Float like an inner tube, sting like a paper cut.
The boxing ring used to be the proving ground of champions - athletes who transcended
mortality through sheer grit and determination. Yesterday's fighters radiated
true desire and dedication, not to mention plenty of class and style.
But thanks in no small part to the cannibalistic tendencies of Mike Tyson
and the 'effacationable vifficitude' of the grammatically impaired Don King,
boxing has really gone downhill. Nowadays, the sport that gave birth to such
historical icons as Muhammad Ali and Rocky Marciano simply adds grist to the
tabloid mill with its ridiculous sideshow antics. I keep waiting for someone
to carjack Prince Naseem on his way to the ring.
Sadly, boxing video games have followed a similar path. Most boxing games emphasize
arcade goofiness over simulation depth. While Ready
2 Rumble Boxing
and the archaic coin-op hit Punch Out
of fun, they leave much to be desired in terms of authenticity and immersion.
In fact, the original Knockout
was really the first console boxing game to actually attempt simulation.
Unfortunately, a premature release and some heinous gameplay omissions stopped
it in the early rounds. Now we have Knockout Kings 2000
, and while it
certainly fixes some of the problems of its predecessor, it still fails to do
for boxing what the other EA Sports games have done for their respective sports.
One of the biggest selling points of Knockout Kings
is its amazing
licenses. Where the original game had over 40 licensed boxers, this one has
over 50. Just about all the big names in the history in the sport are here,
as well as some fighters that only boxing aficionados will recognize. Plus,
some of the more...colorful...fighters are here, like chubby wunderkind
Butterbean. I prefer margarine.
The most noticeable change between the original and the sequel is the gameplay.
Knockout Kings 2000
gives you much more punch variety. In addition to
a myriad of hooks, jabs, and uppercuts, you can throw a plethora of preset combinations.
These really come in handy and add some much needed oomph to the action.
You'll also find 16 boxer-specific Signature Moves. These range from special punches (Crashing Hook, Thunder Punch) to charged power-ups (Hands of Stone, Fury). While not particularly useful, these at least show some ingenuity.
Graphically, Knockout Kings 2000
both pleases and disappoints. The
fighters look less doughy and are better defined than last year. Facial mapping
has been used as well, so the boxers actually look right. On the downside, the
boxers sort of glide around the ring. Their legs don't move when you punch,
which creates a sort of Rock 'Em Sock 'Em Robots
effect. If the
fighters were motion-captured, I sure don't see it.
Exhibition mode is back, and for the most part unchanged. Slugfest Mode is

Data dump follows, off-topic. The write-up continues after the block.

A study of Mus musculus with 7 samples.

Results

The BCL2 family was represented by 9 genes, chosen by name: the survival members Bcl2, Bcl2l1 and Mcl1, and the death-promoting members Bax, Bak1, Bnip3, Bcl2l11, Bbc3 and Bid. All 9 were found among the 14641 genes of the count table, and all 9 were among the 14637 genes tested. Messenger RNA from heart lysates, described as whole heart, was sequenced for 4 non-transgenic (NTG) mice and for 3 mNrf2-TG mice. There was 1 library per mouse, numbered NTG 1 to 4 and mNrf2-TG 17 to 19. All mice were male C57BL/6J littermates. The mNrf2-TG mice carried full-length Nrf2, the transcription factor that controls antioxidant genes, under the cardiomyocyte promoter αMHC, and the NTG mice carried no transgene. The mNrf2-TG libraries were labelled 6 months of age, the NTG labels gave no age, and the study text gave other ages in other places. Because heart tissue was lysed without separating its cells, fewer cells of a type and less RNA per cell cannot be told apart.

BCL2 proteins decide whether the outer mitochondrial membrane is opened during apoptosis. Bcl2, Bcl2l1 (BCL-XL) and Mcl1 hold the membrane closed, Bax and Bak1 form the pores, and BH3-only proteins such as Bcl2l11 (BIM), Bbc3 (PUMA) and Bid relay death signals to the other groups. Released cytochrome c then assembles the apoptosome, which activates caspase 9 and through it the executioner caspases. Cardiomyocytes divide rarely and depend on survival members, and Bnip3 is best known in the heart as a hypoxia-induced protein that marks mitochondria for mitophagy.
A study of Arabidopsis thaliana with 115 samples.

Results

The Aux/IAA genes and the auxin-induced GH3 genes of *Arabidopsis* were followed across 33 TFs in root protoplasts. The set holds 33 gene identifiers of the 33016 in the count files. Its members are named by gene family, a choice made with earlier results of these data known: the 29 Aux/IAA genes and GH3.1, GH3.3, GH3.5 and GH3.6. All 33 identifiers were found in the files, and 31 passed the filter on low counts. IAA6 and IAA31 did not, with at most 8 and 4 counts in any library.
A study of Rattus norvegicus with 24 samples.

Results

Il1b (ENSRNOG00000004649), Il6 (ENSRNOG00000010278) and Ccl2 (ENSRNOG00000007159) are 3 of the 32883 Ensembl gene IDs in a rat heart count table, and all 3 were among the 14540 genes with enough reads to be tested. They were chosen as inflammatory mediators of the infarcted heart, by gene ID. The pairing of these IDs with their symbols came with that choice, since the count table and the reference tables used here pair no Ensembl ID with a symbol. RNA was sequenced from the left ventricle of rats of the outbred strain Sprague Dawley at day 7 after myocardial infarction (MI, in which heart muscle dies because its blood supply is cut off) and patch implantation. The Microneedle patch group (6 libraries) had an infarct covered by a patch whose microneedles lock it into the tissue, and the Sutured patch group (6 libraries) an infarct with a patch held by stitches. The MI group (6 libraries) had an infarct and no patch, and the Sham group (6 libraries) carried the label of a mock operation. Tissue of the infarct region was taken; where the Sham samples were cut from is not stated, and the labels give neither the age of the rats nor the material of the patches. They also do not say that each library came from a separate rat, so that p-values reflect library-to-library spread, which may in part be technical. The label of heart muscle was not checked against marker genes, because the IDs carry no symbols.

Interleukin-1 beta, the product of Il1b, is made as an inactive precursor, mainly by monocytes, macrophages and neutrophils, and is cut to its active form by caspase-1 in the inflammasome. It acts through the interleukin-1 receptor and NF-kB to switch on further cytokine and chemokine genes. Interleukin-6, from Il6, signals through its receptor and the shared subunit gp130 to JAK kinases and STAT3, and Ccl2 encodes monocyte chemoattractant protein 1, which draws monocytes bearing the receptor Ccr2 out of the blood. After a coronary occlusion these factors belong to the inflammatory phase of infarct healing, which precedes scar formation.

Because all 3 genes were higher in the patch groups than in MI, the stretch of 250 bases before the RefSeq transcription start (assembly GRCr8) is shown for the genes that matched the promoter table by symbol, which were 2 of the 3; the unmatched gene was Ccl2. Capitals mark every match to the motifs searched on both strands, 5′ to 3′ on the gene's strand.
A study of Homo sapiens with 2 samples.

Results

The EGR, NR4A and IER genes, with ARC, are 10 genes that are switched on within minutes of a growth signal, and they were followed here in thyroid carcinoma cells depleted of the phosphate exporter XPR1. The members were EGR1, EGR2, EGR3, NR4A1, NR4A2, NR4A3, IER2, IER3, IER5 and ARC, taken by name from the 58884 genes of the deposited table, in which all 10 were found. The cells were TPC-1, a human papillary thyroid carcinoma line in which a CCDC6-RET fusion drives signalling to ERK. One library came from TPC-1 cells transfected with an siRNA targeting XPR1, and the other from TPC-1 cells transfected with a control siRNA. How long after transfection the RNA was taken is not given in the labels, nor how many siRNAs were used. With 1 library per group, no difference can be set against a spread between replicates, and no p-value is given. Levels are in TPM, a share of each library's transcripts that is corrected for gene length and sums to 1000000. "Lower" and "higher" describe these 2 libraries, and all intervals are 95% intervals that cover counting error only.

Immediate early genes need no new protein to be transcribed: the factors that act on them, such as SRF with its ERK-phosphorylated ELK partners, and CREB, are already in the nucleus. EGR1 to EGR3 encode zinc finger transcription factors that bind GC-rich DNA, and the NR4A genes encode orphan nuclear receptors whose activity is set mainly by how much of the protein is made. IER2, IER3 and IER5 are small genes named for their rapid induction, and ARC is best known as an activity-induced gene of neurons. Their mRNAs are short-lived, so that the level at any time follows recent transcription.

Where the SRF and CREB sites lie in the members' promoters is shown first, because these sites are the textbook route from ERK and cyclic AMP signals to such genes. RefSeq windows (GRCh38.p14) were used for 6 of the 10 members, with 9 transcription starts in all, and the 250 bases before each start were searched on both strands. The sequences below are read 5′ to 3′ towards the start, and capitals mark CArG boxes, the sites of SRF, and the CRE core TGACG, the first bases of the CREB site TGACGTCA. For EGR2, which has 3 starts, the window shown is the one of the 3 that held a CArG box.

a bit more arcadey, with light trails behind big punches and the ability to
power up punches. New to this year's version is 'Classic Fights,' where you
can try your hand at 9 famous fights, including the 'Thrilla in Manila.' Sting
like a bee? Not this time...
One of the weakest parts of the first Knockout Kings
was the Career mode.
Things have certainly gotten better, but are still not quite where they should
be. You have much more control over your character, including a wider variety
of looks and more skills to improve (speed, power, heart, chin, cuts, etc.).
As you progress through the rankings, you'll have the chance to train. Unfortunately,
the training mode is simply a matter of following the computer's instructions
on how to throw basic and advanced punches - all of which are already in the
manual. Frankly, the training mode in Ready 2 Rumble Boxing
more incentive and challenge.
The lack of a real training mode is truly a shame, considering the potential
that it has to offer. What about actual sparring matches? Or having to actually
push buttons to lift the weights and punch the bags like in Ready 2 Rumble
Other sports games have extensive managerial modes...why not here?
I have a few gripes about the gameplay in general as well. The combination punches are just too good; I climbed the rankings and won the title without losing once just by repeating the same combination over and over again. Not well-balanced.
The sound is fine, though the music is terrible. I may not be the world's biggest rap fan, but I do know good rap from bad rap - bad meaning bad, not bad meaning good (Run D.M.C., where art thou?). And the worst part is that they loop the same few lines, so you get to hear the lyrics more than you ever wanted. Throw your hands in the air, and cover your ears like you just don't care...
In the end, Knockout Kings 2000
is a mixed blessing. It improves over
the original by offering more of everything, but still falls short of the excellence
you'd expect from EA Sports. A good effort, but the title remains unclaimed.